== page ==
Space forms are complete (connected) Riemannian manifolds of constant sectional curvature. These fall into three classes: Euclidean, with universal covering isometric to $\mathbb{R}^n$, spherical, with universal covering isometric to $S^n$, and hyperbolic, with universal covering isometric to $\mathbb{H}^n$.

Does there exist compact space forms of the same dimension from two different classes having isomorphic fundamental groups?

This cannot happen for $n = 2$, since the Gauss-Bonnet theorem

$$ \int_M K{ \ }\mathrm{vol}_M = 2{\pi}\chi(M) $$

shows that the Euler characteristic $\chi(M)$ is positive, zero, or negative when the space form $M$ is Euclidean, spherical or hyperbolic respectively. But for (closed) surfaces the fundamental group determines the Euler characteristic.

It is essential for the question to require compactness, otherwise there are trivial examples. Dividing out $\mathbb{R}^2$ by the group of isometries generated by $(x,y) \mapsto (x+1,y)$ yields a Euclidean space form with fundamental group isomorphic to $\mathbb{Z}$, while dividing out $\mathbb{H}^2$ by the group of isometries generated by the hyperbolic isometry $(x,y) \mapsto (x+1,y)$ yields a hyperbolic space form also with fundamental group isomorphic to $\mathbb{Z}$.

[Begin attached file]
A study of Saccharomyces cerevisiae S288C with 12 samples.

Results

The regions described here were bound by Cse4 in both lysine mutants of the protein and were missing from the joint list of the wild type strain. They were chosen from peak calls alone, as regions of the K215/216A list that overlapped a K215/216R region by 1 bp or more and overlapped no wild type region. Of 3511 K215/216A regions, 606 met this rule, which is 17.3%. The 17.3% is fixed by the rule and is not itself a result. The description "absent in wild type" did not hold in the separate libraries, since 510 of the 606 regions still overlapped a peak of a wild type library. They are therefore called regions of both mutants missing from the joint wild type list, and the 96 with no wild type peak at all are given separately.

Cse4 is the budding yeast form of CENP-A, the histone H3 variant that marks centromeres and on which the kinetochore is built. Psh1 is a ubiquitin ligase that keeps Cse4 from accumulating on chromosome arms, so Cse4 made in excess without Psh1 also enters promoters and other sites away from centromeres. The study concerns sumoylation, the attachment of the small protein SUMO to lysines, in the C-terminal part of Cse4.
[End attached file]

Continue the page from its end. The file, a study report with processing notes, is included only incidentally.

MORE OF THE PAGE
The standard reference on space forms is Spaces of Constant Curvature by Joseph A. Wolf. The classification of Euclidean space forms is given in Chapter 3, and of spherical ones in Chapter 7. Wolf does not treat hyperbolic space forms, possibly because not much was known about them in 1967. Unfortunately, the fundamental groups are infinite for the compact Euclidean space forms, and finite for the spherical space forms (which are necessarily compact, being quotients of $S^n$). So a hypothetical example has to involve a hyperbolic space form.

An example might drop out of the theory of three-manifolds. In dimension three the space forms belong to three of the eight Thurston model geometries. A pair yielding an example would have to be one Euclidean and one hyperbolic, since it follows from Perelman's geometrization theorem that the spherical ones are precisely those with finite fundamental group.